A resolution to limit legislators’ speaking time to three minutes – the same as members of the public – during privilege of the floor did not pass Tuesday.
When members of the public address Tompkins County Legislature, they are allowed three minutes to speak with a countdown timer running on a screen in the back of the room.
A resolution written by Rich John, D-Ithaca, said that a legislator should limit remarks to three minutes during privilege of the floor “in order to match the amount of time” permitted to members of the public. However, a speaker’s three-minute limit could be extended at the chair’s discretion.
The move to limit legislators’ speaking times was also meant to help speed up meetings and move the agenda along, John said.
“Ultimately I think if we want a diverse legislature we need to have meetings that are reasonable in length to attract as many qualified people as we can, particularly people with young children, families, people who work in the morning that have to get up and go,” John said.
However, Carol Chock, D-Ithaca, substituted the original resolution to say instead of limiting remarks, that legislators would be “encouraged” to limit their time to three minutes. Anna Kelles, D-Ithaca, also added an amendment to have a clock running in the background so legislators are aware of how much time they are taking.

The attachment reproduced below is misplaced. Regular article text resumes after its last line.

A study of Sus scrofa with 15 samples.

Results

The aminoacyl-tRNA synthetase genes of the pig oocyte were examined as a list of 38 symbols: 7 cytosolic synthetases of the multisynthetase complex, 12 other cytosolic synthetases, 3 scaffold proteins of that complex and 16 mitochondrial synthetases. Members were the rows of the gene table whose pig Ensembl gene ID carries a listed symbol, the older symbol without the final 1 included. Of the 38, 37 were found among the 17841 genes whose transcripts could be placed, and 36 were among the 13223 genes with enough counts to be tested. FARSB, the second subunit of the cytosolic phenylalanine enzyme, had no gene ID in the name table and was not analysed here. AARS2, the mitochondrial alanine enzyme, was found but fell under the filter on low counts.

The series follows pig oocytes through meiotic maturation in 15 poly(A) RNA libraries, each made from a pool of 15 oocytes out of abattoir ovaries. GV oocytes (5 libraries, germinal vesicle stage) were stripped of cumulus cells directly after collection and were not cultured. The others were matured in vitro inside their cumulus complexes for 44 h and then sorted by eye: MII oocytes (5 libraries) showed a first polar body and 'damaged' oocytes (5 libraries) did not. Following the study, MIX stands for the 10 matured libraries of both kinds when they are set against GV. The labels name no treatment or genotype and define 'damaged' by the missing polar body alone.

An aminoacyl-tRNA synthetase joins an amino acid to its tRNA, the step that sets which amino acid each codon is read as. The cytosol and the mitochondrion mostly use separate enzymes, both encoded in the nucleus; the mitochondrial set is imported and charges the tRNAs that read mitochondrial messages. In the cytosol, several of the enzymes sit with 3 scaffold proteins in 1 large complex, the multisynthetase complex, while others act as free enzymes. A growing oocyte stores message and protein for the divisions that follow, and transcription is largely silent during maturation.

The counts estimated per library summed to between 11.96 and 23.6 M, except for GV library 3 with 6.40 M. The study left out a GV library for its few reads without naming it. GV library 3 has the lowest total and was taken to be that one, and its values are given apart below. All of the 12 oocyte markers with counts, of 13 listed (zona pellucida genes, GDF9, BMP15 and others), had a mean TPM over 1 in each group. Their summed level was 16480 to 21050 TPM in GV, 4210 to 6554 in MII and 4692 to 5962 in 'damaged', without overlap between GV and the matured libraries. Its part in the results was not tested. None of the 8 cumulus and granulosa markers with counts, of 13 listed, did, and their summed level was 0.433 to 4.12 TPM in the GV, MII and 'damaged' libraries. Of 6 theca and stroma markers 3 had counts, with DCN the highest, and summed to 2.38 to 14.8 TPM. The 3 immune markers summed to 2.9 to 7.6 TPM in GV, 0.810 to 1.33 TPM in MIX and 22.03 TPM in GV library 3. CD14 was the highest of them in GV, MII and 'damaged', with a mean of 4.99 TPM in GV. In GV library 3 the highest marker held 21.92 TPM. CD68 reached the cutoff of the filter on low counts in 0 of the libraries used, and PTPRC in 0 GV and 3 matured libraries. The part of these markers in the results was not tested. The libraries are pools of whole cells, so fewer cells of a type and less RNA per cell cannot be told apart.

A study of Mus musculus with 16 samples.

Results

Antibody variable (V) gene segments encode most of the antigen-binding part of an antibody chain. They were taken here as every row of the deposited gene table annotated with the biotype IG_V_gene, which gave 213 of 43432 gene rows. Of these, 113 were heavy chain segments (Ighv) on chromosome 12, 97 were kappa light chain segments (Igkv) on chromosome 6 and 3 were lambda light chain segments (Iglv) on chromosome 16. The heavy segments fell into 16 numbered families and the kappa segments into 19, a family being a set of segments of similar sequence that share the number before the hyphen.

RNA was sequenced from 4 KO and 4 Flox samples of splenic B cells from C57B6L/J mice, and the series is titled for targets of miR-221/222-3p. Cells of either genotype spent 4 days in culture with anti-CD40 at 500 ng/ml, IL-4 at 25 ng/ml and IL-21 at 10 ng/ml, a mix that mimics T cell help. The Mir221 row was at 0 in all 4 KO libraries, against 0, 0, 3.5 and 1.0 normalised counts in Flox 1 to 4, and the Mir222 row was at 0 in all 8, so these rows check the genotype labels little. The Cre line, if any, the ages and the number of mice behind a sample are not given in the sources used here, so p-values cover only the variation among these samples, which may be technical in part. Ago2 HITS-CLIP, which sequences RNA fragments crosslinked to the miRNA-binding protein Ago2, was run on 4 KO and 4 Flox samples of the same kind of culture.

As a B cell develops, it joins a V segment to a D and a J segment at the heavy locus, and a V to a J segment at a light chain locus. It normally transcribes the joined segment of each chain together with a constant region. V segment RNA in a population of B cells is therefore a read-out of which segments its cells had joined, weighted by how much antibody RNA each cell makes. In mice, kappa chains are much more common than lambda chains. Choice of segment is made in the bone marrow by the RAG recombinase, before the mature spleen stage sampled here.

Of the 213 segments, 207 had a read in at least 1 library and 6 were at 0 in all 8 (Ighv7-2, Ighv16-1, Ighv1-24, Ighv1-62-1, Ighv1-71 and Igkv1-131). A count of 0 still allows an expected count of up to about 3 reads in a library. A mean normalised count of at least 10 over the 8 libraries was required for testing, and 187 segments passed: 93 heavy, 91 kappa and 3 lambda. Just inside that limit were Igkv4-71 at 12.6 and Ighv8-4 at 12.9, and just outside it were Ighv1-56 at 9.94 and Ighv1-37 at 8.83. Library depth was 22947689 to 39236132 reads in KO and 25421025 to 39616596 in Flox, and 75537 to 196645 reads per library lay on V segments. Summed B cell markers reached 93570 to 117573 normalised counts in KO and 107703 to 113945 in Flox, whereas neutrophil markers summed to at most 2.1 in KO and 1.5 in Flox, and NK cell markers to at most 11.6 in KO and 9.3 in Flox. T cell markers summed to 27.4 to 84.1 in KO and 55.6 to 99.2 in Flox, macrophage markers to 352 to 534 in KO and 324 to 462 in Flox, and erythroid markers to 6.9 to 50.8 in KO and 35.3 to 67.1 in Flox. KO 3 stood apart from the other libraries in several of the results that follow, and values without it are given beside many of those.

Mike Sigler, R-Lansing, said he was against “all of this.” Sigler said while legislators should be “pithy,” they also represent thousands of people.
“With that comes some responsibility, and you’re responsibility is to speak,” Sigler said.
Legislature chair Mike Lane, D-Dryden, also said he was not in favor of limiting legislators’ speaking time during privilege of the floor to match the public’s three minutes.
“Remember this is the meeting of the legislators … the folks who come to speak to us we allow to speak to us as a courtesy and because we want to hear from people in the community,” Lane said.
As chair, Lane said he does not see legislators taking too long to speak during privilege of the floor, but rather in debate.
Martha Robertson, D-Dryden, favored the resolution because “self discipline doesn’t seem to be working,” she said.
Legislators debated the issue for about 25 minutes Tuesday, but ultimately the resolution did not pass with a tie vote 7-7. For a rule change, 10 legislators would have had to approve. Legislators Mike Sigler, Jim Dennis, Dooley Kiefer, Dan Klein, Dave McKenna, Glenn Morey, and Mike Lane voted against the resolution.